How does title insurance work?


Title insurance works by protecting you against future losses due to past problems with the title of your property. This may cover against fraud and forgeries, undiscovered or undisclosed heirs, encumbrances and liens, as well as other related risks.

What happens is that title officers of the insurance company will do a thorough search and examination of public records. This is to know the status of the property even before you close the deal with the purchase of the property. The title search will try to determine whether there are problems with the lien or easement, unpaid mortgages or taxes, issues with the previous owners and any other problems that will affect your ownership of the property. Then the title insurance company will issue a certificate of title and will provide a professional opinion of the statues of the property.

The protection is only limited to the initial purchase price, and will not cover the equity that you have already earned.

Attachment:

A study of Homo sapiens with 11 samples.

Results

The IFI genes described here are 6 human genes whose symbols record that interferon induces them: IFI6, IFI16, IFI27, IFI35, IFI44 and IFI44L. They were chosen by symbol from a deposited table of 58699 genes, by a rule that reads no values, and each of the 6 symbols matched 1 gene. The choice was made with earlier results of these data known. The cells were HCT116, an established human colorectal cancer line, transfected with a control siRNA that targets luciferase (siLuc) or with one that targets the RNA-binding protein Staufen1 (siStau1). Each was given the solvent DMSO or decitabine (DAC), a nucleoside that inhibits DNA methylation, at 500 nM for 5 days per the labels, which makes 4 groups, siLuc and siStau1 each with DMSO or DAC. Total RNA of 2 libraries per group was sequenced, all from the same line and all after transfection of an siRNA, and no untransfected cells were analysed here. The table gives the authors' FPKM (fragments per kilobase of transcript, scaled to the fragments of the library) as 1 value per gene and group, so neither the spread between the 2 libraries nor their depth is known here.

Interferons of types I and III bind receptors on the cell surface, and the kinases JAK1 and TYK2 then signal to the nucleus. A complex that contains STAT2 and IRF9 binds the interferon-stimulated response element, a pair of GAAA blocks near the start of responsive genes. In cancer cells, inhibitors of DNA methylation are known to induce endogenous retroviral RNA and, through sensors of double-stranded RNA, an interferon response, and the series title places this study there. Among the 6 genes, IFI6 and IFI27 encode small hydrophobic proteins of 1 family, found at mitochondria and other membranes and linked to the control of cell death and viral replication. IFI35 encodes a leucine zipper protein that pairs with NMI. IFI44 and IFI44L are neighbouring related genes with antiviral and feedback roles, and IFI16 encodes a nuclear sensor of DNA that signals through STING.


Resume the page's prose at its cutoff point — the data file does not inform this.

For example, you buy a house for $150,000. Later on, you lose the title of that house because of a title defect and the current worth of the house is $200,000. The insurance will only cover you for up to the original purchase price of the home.

If you are buying your property under a mortgage, the lender will require you to buy title insurance and homeowner's casualty insurance. Once the title is cleared, you, your lender and a real estate professional will start the process of closing the transaction and getting all the documents ready and properly recorded. Then, when the deal is closed, the transfer of the title is duly recorded and a title insurance policy is provided not just to you but to the lender as well.

Then the title insurance is issued and will help you retain and protect your ownership rights for as long as you retain an interest in the property. Depending on the agreement, it may be the buyer, the seller or both who will pay the one-time premium upon closing. The title insurance premium includes title search and examination, documents processing and the title insurance coverage itself.